Rob Webster wrote an interesting blog where he said Cannes brings together the industry’s best minds, ‘all speaking freely with a little rose’. While that sounds like something we would all love to be a part of, there were several takeaways. One common theme was just this immeasurable pain of the transition, the lack of turnkey solutions and interoperability. And a lot of this pointed to the fact that the industry solutions are still not hitting as hard as they should. If we build an ecosystem of solutions that are not interoperable, we might end up stuck with the same problems all over again. The one thing that came out of multiple narratives is that measurement is just not discussed enough. FirstPartyCapital has always talked about the fact that outside of the United States, CTV is largely just YouTube. And if you look at data-driven TV as a broader ensemble that covers CTV, unless we’re able to track measurement, a lot of innovations will move ahead in isolation and advertisers will not get what they want. So his big ask from the industry and a lot of people who were at Cannes are pushing for more conversation around measurement and pushing the industry’s best minds to focus on getting that right, getting standards in place for CTV, for the new data ecosystem, and making sure that all of our innovations align with measurement standards.
While Disney lost the IPL rights in India, they have retained Formula One rights in the United States. They paid $75 million for it, which is chump change when compared to the NFL or the IPL, but what makes this interesting is the fact that it’s coming full circle. There is a gold rush to acquire sports rights and now the rights for sports leagues are going through the roof. Variety has an interesting analysis of the unsustainable model of monetisation of live sports content. Check out the article to learn more.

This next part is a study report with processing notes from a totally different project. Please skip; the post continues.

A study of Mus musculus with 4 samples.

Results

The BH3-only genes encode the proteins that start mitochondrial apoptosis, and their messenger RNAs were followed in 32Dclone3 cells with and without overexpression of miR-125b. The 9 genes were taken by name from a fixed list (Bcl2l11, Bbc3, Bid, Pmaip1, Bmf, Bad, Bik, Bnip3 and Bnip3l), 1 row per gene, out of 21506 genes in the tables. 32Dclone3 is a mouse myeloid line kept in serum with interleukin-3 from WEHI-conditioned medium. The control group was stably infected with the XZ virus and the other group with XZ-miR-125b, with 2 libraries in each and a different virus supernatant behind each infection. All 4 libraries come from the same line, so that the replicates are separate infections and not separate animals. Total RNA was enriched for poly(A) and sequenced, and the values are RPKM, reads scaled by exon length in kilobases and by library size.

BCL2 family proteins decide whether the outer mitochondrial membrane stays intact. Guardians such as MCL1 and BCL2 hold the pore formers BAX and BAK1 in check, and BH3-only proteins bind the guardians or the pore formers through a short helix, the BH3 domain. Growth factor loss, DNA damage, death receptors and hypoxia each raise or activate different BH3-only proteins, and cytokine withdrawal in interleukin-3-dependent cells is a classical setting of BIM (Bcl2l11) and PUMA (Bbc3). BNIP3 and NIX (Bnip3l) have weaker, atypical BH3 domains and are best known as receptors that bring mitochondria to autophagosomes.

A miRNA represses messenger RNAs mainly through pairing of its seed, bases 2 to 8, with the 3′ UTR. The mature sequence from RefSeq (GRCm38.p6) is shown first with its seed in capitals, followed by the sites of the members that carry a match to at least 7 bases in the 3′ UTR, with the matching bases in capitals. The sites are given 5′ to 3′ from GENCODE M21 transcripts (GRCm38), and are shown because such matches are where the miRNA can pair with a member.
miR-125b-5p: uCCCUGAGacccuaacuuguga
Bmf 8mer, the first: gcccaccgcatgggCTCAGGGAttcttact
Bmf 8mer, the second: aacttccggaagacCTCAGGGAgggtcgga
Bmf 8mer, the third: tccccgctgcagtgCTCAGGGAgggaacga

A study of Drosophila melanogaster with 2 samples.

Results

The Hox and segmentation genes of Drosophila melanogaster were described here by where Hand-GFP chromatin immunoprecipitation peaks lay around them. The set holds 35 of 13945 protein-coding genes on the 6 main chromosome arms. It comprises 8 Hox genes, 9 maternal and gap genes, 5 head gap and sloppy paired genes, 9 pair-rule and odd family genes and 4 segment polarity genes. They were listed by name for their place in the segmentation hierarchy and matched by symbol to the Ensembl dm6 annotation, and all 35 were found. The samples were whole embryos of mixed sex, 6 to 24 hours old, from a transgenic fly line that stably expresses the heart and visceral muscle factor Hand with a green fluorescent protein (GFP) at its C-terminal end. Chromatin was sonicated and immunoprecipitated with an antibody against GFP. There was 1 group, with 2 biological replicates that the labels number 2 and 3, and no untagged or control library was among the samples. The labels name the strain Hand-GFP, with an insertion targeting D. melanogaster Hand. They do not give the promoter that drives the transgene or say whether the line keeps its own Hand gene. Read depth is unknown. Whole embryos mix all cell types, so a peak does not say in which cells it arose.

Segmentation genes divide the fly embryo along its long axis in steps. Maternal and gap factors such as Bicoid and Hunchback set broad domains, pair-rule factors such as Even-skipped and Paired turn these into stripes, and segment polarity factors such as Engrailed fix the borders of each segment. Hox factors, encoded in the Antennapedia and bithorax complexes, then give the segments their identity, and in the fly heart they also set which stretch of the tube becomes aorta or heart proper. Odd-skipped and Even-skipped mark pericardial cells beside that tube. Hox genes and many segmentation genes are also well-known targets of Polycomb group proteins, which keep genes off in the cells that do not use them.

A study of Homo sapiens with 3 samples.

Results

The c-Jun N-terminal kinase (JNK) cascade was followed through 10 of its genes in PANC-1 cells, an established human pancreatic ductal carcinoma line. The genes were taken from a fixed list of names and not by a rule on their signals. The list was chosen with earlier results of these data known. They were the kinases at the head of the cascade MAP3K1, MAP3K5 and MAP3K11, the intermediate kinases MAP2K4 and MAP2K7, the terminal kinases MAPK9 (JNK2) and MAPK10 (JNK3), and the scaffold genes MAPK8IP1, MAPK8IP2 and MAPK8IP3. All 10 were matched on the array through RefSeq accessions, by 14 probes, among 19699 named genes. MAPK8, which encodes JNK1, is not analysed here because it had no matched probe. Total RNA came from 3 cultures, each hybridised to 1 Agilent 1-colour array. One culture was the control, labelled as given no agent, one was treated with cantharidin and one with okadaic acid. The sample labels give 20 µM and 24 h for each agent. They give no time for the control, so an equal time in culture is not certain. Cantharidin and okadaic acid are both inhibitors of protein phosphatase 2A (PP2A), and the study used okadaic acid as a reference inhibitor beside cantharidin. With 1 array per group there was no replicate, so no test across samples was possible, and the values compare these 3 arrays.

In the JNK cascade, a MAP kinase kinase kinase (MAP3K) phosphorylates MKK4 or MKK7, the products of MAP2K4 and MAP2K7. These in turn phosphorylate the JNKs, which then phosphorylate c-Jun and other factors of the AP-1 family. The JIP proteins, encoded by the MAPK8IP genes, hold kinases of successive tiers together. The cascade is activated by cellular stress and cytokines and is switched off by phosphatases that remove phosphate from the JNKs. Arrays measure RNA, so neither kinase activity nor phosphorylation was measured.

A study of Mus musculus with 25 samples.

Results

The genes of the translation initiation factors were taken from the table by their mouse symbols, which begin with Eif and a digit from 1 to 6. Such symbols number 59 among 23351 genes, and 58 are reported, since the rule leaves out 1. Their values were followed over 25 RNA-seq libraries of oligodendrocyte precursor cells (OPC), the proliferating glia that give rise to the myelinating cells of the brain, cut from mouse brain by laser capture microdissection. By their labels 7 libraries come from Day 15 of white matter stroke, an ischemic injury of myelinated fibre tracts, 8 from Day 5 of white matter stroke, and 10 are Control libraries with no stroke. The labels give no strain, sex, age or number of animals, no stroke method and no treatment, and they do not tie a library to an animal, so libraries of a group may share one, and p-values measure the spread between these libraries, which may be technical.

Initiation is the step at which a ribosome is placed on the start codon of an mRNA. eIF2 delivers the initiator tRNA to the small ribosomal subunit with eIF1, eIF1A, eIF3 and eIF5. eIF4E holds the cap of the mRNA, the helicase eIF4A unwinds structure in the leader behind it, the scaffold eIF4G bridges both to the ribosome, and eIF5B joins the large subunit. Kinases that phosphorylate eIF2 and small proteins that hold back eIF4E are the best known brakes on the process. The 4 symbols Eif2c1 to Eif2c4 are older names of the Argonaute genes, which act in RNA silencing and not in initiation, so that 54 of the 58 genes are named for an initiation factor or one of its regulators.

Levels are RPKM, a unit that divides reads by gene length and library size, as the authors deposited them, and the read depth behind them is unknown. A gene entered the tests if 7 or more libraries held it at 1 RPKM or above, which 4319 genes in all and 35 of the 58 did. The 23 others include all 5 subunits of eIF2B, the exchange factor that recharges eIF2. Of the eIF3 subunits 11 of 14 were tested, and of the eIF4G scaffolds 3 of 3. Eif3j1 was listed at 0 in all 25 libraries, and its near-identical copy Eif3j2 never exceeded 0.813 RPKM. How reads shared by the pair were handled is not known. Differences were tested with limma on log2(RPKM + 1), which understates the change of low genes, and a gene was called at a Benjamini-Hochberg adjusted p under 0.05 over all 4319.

Wikipedia launched the Wikimedia Enterprise this week and instantly all of Twitter started whining about the ads on Wikipedia. Wikimedia Enterprise is a white-gloved managed service enterprise deal where large tech organisations that benefit from Wikipedia’s data can get a little more and Wikipedia can get paid. The idea is to create custom data sets and offer premium support. Companies like Google and Alexa who use Wikipedia as data to power their own services can get a better service, but Wikipedia can also get compensated for it. Google has already signed up with Wikipedia for deeper, larger custom data sets. Read more about this here.
While Peter Kafka pondered the loss of Netflix’s subscribers in his podcast episode, our theory is that it’s just a market correction. Because, while streaming numbers are going down, cable numbers are also going down in the United States. So, people may be just saturated with the number of subscriptions they have and trimming their expenditure. However, weather plays a significant role in viewership. Summer is a big deal in the US, where people spend a lot of time outdoors. Back in the day, cable television companies and networks wouldn’t release new seasons of anything because they were guaranteed a low viewership. As we keep saying, the more things change, the more they stay the same. Listen to the podcast here
Yahoo! has been very busy trying to regain a footing in the advertising world. And they’ve been working steadily and quietly over the last years with a couple of partners. One of the interesting partnerships is Marriott’s arrangement with Yahoo!. In this omnichannel offering, Yahoo receives anonymous data through the television screens in the hotel room. So, the viewer can see relevant ads on the TVs in the luxury of their hotel rooms. Read more about this interesting offering here.